One of the byproducts of a real estate market that is ripe with multiple offers is the re-emergence of the back-up offer. What is a back-up offer, you ask? The best real-world analogy to the back-up offer would be the first runner-up in a beauty pageant. As you know, when Miss America is unable to fulfill her “duties”, they don’t conduct the entire pageant all over again — the first runner-up automatically assumes the role as the new queen. (The Vice President operates under the same premise, right?)
It’s the same principle with the back-up offer in a real estate sale. After a seller picks the winning offer in a multiple-offer bid, they have the option to put one of the other offers in a “back-up position.” As the name implies, this second offer is held in place as a back-up to the winning offer — and if the winning offer fails to complete the transaction, the second offer is automatically moved into first place.
There are a lot of misunderstandings about the risks and benefits of the back-up offer, and hopefully this post will clear some of them up.
The Key Points.
When an offer is put into a back-up position, it is agreed by both parties that this offer is essentially “frozen” in time until it is put into the #1, or active position. That means that the price and the terms (contingencies, close of escrow, etc..) are agreed upon up front and that the clock doesn’t start running until the #1 offer is canceled. Once the first offer is canceled, the #2 offer immediately becomes the #1 offer, and the clock on the transacti0n starts immediately at that point. Pretty straightforward.
During the back-up period, the #2 buyer is free to continue shopping for another home, and they can cancel the back-up offer unilaterally if they change their mind or if they find a better home elsewhere.
What’s in it for the Seller?
There are several benefits to the seller in negotiating a back-up offer. First, if the #1 offer indeed falls through, the seller has an acceptable back-up contract already ratified, so the house does not have to go back on the market. Buyers in this market are pretty savvy, and a listing that goes back to “active” status after being a “pending sale”, it can be perceived as damaged goods and thus may not fetch a commensurate price the second time it goes on the market.
But since the vast majority of offers that are accepted actually close, the real benefit of having a back-up offer in place is to keep the #1 offer “honest”. If you recall from last week’s post, some buyers enter a contract with the intent of negotiating their inflated price downward — no matter what the justification. This is also known as the “bait and switch” approach. Having an offer in their back pocket empowers the seller to stand their ground if they feel the #1 Buyer is asking for unrealistic concessions.
Are there downsides to the seller? Sure. If you’re in a rapidly escalating market, the attractive price that the seller accepts today as a back-up offer may be a bargain price in 30 days.
What’s in it for the Buyer?
Let’s face it — if a buyer is wiling to go to the mat to get a home, it stands to reason that they’d be willing to stay engaged in the process, even if it’s on the perimeter, and have a second shot at the house. That’s the key benefit of the back-up offer for the buyer. They don’t have to go through that agonizing process of the multiple offer circus again if Buyer #1 falls through.
And as mentioned above, there’s very little risk for the buyer in taking the back-up position, because they can walk away from the deal with no strings while they’re still the #2 offer (i.e. they have not been moved to the #1 position.)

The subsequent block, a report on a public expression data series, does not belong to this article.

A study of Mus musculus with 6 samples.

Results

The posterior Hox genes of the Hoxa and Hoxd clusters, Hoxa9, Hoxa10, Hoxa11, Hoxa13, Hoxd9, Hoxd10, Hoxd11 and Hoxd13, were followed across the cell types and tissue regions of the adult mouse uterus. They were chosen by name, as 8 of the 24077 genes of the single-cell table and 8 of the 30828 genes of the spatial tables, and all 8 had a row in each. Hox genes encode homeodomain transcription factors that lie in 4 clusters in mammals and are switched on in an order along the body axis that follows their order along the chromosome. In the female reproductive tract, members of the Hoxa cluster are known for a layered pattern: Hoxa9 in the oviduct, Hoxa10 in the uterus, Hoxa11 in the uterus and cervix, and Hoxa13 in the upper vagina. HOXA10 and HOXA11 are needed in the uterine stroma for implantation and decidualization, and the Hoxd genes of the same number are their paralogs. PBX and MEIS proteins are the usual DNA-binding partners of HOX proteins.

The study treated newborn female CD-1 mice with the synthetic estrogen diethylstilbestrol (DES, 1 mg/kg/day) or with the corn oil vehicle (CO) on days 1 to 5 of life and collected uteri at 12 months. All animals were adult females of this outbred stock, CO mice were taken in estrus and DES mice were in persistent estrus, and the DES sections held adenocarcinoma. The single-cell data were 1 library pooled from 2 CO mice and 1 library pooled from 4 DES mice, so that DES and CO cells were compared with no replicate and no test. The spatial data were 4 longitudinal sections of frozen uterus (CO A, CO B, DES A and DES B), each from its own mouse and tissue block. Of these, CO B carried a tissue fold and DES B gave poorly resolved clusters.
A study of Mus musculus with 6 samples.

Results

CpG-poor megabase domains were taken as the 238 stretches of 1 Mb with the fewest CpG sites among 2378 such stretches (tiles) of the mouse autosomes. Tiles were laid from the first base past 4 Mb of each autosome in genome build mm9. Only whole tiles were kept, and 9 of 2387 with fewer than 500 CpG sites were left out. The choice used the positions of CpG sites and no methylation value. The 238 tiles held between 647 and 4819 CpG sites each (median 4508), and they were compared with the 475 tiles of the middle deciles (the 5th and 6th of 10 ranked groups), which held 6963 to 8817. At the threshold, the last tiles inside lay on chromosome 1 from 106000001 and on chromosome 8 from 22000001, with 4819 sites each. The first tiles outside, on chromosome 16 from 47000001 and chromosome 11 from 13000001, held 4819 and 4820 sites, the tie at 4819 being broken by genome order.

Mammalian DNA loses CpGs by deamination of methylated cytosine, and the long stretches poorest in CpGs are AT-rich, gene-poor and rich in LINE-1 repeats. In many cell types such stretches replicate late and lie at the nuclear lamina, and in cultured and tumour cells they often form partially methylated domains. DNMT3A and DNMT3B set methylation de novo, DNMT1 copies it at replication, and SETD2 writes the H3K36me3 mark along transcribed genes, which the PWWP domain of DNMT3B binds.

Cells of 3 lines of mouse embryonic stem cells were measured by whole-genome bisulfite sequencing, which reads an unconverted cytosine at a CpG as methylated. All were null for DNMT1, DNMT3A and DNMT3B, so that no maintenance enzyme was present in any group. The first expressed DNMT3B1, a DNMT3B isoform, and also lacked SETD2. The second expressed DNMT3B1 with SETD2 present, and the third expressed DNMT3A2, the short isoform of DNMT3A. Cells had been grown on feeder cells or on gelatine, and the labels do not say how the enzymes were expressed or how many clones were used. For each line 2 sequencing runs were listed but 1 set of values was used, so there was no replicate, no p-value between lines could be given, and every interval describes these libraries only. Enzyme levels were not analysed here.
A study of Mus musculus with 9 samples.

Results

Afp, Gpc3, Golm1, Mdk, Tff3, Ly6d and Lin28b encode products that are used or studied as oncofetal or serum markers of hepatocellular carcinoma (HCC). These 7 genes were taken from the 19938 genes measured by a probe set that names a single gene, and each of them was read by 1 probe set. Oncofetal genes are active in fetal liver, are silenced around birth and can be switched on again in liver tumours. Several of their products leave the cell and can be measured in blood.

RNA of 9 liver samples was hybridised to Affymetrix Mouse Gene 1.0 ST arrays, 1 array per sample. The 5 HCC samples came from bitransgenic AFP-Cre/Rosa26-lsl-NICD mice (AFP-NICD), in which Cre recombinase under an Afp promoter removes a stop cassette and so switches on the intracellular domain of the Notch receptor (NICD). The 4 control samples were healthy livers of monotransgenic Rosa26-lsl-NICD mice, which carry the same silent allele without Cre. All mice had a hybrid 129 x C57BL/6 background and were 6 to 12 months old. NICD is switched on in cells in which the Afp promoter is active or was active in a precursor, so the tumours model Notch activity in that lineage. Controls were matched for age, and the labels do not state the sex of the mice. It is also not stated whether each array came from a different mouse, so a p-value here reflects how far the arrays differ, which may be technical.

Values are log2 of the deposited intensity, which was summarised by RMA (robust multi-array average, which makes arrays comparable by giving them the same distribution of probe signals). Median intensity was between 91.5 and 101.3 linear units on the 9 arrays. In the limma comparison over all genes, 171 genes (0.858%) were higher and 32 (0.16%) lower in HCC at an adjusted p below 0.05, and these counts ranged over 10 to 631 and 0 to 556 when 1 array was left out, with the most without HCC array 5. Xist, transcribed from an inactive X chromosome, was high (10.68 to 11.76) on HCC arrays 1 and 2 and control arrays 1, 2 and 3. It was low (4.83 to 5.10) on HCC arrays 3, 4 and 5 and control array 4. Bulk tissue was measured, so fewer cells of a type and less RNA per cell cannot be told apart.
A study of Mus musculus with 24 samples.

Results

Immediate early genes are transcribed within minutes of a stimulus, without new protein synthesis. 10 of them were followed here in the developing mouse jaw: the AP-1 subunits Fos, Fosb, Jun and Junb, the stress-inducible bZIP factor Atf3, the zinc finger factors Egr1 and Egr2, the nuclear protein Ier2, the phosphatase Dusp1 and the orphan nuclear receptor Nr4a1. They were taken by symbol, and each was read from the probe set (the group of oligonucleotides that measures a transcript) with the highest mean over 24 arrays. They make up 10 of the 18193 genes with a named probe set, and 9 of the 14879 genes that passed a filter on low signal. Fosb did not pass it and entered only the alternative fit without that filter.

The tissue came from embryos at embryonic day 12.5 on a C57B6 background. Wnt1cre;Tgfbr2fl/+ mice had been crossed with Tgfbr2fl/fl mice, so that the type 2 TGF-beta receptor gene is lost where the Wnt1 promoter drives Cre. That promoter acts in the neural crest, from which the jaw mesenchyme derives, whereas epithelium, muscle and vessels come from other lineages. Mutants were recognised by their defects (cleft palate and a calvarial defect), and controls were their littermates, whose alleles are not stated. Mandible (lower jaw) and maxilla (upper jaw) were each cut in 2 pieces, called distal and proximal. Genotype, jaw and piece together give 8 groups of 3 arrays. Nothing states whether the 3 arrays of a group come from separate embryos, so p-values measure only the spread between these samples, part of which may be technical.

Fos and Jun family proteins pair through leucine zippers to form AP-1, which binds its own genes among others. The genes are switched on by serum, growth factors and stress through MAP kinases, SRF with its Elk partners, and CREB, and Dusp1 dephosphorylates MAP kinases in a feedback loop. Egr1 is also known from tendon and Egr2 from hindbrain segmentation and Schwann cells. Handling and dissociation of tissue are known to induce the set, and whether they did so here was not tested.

Downsides? It’s the exact opposite of downside for the seller. If the market price drops significantly during the time that the back-up offer is in place, then the #2 buyer is locked into a higher price than they might get if the house went back on the market. But the likelihood of that happening is pretty low in a short time-frame.
Beware the Non-Contingent Offer.
In this age of multiple offers, more buyers are waiving their contingencies in an effort to make their offer more attractive. This strategy may yield a big reward in the end, but it’s one that requires some careful risk assessment. Now that you understand the sequence of events that transpire in a back-up offer, it’s easy to see how a non-contingent back-up offer carries a special kind of risk for the buyer.
Why? If Buyer #2 takes a back-up position with a non-contingent offer, and Buyer #1 conducts their own inspections and decides to back out of the deal, wouldn’t you think that #2 Buyer would want to review these reports or the appraisal before proceeding ahead without any contingencies? Of course they would. Technically speaking, the buyer is supposed to be protected in a situation like this, since these reports are considered to be “new and material disclosures” that may impact the value of the home, which allows the buyer a 3-day window to cancel the offer.
But in my opinion, the wording in the standard purchase contract does not adequately address this particular situation. And the last thing you want is to have your deposit tied up in escrow while both sides argue over ambiguous wording. A solution? Rather than take a back-up position with a non-contingent offer, modify your offer with a short (3-day) contingency period that will allow you ample time to review those inspection reports before you decide to proceed. It’s a very reasonable request, and most sellers understand why you’re asking for it.
Back-up offers are becoming more and more commonplace in this competitive market, and they’re a very effective way to turn a difficult situation into a positive outcome for the seller of the home and their new buyer. But be sure you clearly understand the terms and the possible ramifications of the back-up offer before you agree to take that step.